There are many ways to recognise and reward an employee. Traditionally, employee recognition entails the giving of appreciation cards to employees, or the awarding of certificates, or the giving of branded items such as lapels, watches, or vouchers. But in a twenty-first century workplace, employee recognition has come to mean more. Employee recognition is a public acknowledgment of people within an organisation.
It highlights their role and what they have done to merit appreciation. Employee recognition (ER) is an inclusive, people-appreciation method that spurs employees towards productivity, commitment, and workplace dedication. It is a message saying, “We see what you are doing, we think you are awesome at it, and we appreciate you for it.” At its core, ER is a statement of positive feedback. It assures the employee that they are on the right path, their work ethic is valued, and their contributions are not ignored. It does not benefit the recipient alone.
Companies who engage in ER believe that sustaining a culture of recognising and rewarding employees adds the following to the organisation:
Many managers and companies desire to practice ER. However, they struggle to comprehend the strategies involved in effective employee recognition and reward. No employee would appreciate a gift that comes from a snobby boss. Imagine an appreciation certificate in the email of an employee who has just been scolded by his team. Thus, the ER that works, the kind that retains employees in an organisation, is a subject of principles.
How do you get it right? How do you ascertain the gesture is rightly received? Below, we share some ideas that would inspire your next attempt to recognize an employee:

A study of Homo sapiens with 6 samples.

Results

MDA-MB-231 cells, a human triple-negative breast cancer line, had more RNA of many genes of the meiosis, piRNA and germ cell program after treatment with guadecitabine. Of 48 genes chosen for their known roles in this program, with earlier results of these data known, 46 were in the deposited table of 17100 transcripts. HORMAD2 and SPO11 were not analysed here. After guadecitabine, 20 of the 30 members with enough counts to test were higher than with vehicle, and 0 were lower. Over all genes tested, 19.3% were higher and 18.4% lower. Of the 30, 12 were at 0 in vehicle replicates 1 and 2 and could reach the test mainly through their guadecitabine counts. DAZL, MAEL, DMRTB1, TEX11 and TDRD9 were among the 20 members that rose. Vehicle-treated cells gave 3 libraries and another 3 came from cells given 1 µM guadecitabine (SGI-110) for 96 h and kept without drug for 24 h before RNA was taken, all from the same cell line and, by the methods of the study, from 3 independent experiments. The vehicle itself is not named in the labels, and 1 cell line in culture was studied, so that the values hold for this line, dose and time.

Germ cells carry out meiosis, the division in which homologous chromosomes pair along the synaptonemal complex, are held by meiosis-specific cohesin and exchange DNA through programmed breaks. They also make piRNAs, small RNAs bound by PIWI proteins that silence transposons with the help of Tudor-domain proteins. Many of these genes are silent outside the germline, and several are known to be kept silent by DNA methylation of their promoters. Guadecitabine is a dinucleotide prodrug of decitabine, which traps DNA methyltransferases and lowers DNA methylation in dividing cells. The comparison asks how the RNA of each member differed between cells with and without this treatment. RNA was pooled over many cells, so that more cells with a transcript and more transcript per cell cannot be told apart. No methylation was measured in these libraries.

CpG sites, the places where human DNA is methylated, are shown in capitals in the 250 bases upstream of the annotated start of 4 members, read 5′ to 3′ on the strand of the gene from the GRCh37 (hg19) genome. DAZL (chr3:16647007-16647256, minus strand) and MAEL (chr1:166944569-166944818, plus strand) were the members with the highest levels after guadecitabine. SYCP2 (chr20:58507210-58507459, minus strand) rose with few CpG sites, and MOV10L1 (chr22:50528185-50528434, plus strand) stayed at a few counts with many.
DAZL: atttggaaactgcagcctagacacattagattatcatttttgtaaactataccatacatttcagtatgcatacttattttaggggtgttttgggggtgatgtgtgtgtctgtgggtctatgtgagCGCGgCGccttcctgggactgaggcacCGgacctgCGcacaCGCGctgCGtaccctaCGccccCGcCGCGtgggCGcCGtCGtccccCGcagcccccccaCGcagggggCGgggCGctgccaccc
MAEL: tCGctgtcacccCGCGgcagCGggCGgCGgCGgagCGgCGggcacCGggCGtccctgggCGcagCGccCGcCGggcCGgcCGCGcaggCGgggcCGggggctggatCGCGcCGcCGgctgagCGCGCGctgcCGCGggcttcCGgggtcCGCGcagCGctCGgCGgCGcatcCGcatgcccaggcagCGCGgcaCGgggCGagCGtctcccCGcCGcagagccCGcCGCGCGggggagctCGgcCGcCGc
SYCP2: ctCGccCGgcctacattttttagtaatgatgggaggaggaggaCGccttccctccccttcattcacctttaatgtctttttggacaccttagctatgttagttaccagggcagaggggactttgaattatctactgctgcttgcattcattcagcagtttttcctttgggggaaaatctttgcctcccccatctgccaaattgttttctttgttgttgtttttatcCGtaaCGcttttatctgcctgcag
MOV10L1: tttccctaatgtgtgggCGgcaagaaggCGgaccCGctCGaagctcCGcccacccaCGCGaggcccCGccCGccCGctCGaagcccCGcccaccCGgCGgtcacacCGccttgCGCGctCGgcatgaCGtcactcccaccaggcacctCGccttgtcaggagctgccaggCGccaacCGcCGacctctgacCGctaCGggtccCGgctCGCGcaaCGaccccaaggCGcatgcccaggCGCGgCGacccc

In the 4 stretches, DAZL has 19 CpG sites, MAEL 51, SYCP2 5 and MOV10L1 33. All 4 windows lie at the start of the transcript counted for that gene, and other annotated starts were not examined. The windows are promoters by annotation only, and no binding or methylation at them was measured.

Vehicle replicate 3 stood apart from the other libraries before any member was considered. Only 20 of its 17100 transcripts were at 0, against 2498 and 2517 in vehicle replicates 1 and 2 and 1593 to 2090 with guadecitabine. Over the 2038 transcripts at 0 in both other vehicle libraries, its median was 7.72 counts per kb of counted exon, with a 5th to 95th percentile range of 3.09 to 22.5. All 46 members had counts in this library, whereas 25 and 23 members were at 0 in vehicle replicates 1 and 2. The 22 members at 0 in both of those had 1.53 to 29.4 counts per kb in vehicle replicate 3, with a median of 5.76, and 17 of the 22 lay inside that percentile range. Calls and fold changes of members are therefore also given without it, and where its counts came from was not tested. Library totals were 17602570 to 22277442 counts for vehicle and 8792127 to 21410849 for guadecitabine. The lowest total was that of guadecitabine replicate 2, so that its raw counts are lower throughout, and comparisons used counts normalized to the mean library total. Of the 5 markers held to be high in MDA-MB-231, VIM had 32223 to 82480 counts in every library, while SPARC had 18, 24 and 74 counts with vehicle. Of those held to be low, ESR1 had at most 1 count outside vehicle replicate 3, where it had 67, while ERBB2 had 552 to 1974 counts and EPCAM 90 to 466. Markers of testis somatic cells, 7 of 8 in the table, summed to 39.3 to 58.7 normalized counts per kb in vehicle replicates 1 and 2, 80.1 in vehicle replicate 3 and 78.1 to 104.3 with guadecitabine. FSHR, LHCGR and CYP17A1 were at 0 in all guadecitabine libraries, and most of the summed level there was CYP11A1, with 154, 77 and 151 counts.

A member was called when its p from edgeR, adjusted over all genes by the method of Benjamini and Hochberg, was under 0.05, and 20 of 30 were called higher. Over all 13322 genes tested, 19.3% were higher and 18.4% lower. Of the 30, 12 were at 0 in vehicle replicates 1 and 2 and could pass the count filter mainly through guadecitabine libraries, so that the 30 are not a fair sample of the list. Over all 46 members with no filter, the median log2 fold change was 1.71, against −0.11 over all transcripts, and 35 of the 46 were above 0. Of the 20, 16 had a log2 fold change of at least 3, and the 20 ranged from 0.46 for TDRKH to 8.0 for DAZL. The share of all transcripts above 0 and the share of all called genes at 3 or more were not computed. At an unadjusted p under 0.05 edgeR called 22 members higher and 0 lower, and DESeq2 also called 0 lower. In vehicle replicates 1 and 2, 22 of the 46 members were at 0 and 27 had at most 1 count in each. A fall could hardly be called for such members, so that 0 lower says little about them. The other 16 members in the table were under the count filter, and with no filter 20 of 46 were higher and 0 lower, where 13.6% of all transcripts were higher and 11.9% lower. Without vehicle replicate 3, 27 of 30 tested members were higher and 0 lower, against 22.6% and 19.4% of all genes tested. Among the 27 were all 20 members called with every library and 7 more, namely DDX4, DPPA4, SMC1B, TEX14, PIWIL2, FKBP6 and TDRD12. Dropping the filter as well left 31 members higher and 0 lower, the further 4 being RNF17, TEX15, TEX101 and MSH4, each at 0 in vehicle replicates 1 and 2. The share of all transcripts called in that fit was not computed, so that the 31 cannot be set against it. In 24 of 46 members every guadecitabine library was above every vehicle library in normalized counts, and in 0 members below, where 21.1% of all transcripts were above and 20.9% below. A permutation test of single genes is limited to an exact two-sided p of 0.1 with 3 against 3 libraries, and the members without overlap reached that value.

1. Say Thanks Often. A simple thanks are unarguably the easiest way to show gratitude. Generally, we tend to ignore the power of “thank you”, and even managers are not exempt. Rather than anticipate a grand occasion where you’d commend an effort or express your appreciation, simply say thank you. You may struggle with it for the first few attempts, but it would become a part of you as you make a habit of it.
2. Compliment Efforts. Compliments let an individual know how you feel about their actions. For instance, if you observe an employee never misses a meeting, let them know. “You are always punctual to meetings, I like that.” With this, you encourage sustained positive behaviour at work. The catch is that these compliments should rebound from efforts. Make it a tradition, not a routine.
3. Team Treats. Who doesn’t fancy a good meal after a week of exhaustive work? Especially when they don’t have to foot the bill? Meals are perfect for communicating gratitude. Invite select employees to dinner (not at your place, please, except your culinary skills are exceptional).
Have casual conversations about work, family, and anything that interests them. Slip in little positive feedbacks, and watch them blush with gladness. Some other suggestions involve:
Bonuses What matters is that you find the perfect gesture for the deserving employee. When you do, you can trust your employees to work with renewed determination and commitment. The power of recognition and reward should never be underestimated.